Research led by Victoria University of Wellington’s Dr Monica Gerth in collaboration with iwi has discovered molecules from New Zealand native plants could hold the solution to kauri dieback.
Kauri dieback is one of the biggest crises ever to face New Zealand’s forests. If we lose kauri, we lose not only a unique ecosystem but also a key part of New Zealand’s identity, history and culture.Dr Monica Gerth
“Our research has discovered that some compounds found in kānuka cause an immediate loss of motility or movement of the infectious spores of the microbe that causes kauri dieback disease,” says Dr Monica Gerth from the University’s Centre for Biodiscovery and School of Biological Sciences. “If the spores can’t swim, they can’t make it to a kauri root to infect. These compounds could stop this pathogen from moving through soil and infecting kauri trees.”
These results came from a new collaboration between scientists and kaitiaki from iwi, Dr Gerth says, after colleague Chris Pairama (Te Taoū, Ngāti Whātua, Waimauku) connected the research team with Ian Mitchell (Te Uri Taniwha, Ngāpuhi, Waima).
“Being from the north where kauri is common, Ngāpuhi have extensive knowledge about kauri and how plants interact with the forest, and we hoped that we could combine their mātauranga Māori and our scientific knowledge to address the serious problem of kauri dieback disease.”
She says Ngāpuhi knowledge and experience shows that a healthy forest involves three stages of plants – ‘first wave’ plants that cleanse and prepare the soil, ‘second wave’ plants that encourage fertility and growth and ‘third wave’ plants, including kauri, that bring permanence and stability.
The research group studied four ‘first wave’ plants – kānuka, karamū, kawakawa and nīkau – to see if the cleansing activity of these plants was due to anti-microbial properties, Dr Gerth says. In the end, testing showed that kānuka extract was most effective at stopping the pathogen.
Mātauranga Māori and scientific knowledge were combined at every stage of this project, and collecting and testing the plants was a collaborative effort, Dr Gerth says.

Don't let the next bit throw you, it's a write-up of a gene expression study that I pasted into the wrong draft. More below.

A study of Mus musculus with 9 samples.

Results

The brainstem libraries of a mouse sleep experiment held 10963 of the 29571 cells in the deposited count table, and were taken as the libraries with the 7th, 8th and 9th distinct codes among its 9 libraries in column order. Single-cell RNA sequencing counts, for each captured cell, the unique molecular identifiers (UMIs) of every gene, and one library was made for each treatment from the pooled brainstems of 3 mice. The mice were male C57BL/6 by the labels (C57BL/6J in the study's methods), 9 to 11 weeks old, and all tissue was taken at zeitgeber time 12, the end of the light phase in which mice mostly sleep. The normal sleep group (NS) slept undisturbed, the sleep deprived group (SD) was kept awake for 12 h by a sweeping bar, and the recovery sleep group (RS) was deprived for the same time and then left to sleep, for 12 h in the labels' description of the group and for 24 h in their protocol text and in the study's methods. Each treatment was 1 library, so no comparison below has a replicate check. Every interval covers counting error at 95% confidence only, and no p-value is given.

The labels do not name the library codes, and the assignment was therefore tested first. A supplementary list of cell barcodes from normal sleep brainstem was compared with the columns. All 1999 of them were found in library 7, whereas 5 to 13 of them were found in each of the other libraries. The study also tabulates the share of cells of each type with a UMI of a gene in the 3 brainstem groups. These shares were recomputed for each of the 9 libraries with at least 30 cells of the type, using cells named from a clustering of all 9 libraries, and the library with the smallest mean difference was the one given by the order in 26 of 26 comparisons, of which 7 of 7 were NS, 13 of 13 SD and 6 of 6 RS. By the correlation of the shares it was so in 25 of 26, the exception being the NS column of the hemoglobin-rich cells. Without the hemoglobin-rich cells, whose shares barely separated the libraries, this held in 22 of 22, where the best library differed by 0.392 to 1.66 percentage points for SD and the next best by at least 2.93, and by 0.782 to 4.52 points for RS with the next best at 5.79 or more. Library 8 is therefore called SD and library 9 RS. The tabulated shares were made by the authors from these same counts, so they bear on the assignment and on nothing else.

“This project was about mutual trust and collaboration, and it was very important to us to create an ethical collaboration. These plants are taonga to Māori, and therefore the right of mana whenua to practise kaitiakitanga (stewardship) should be acknowledged and respected.”
Dr Gerth and her colleagues hope to continue their search for new compounds while also exploring how their findings can be applied to protect kauri trees in the field.
The Connected article Kauri dieback provides information about the kauri dieback disease cycle and how it spreads. It also explains how mātauranga Māori and rongoā may provide insight on how to protect kauri from the deadly spores.
Kawakawa, one of the plants the team investigated, is a versatile plant used in rongoā. Learn more about the research of a high school student who investigated kawakawa as an anti-bacterial agent in the article The science of rongoā.
Take a closer look at trees in these resources: New Zealand native trees – an introduction, What is a tree?, Trees and ecosystems, Trees and natural cycles and Our native trees, a recorded PLD session that introduces useful resources and activities about New Zealand’s native trees.
The paper detailing the research led by Dr Gerth was published in the Journal of the Royal Society of New Zealand. The manuscript is freely available online here.
Learn more about scientist Dr Monica Gerth in this Curious Minds profile and read about her work on the Unlocking Curious Minds project Te Kura o te Kauri, a project that aims to inspire students to become the next generation of kaitiaki o ngahere (guardians of the forest). You can also follow this project on their Facebook page @kauri.classroom.
For detailed information and updates on the fight against kauri dieback, have a look at the Kauri Dieback Programme website. The Kauri Dieback Programme is a partnership with Biosecurity New Zealand (part of the Ministry for Primary Industries), Department of Conservation, Te Roroa (tangata whenua for Waipoua Forest), Tangata Whenua Roopu (representative body for iwi/hapū with an interest in kauri lands) and a number of regional councils.
The Science Learning Hub acknowledge Victoria University of Wellington for permission to publish this article.
In addition to Dr Gerth, Mr Mitchell and Mr Pairama, the cross-disciplinary research team included Dr Scott Lawrence from the University of Otago, Professor Nigel Perry and Ms Elaine Burgess from Plant & Food Research, Associate Professor Wayne Patrick from Victoria University of Wellington and Dr Amanda Black from Lincoln University.
The research detailed in this article was funded by the Ministry of Business, Innovation and Employment.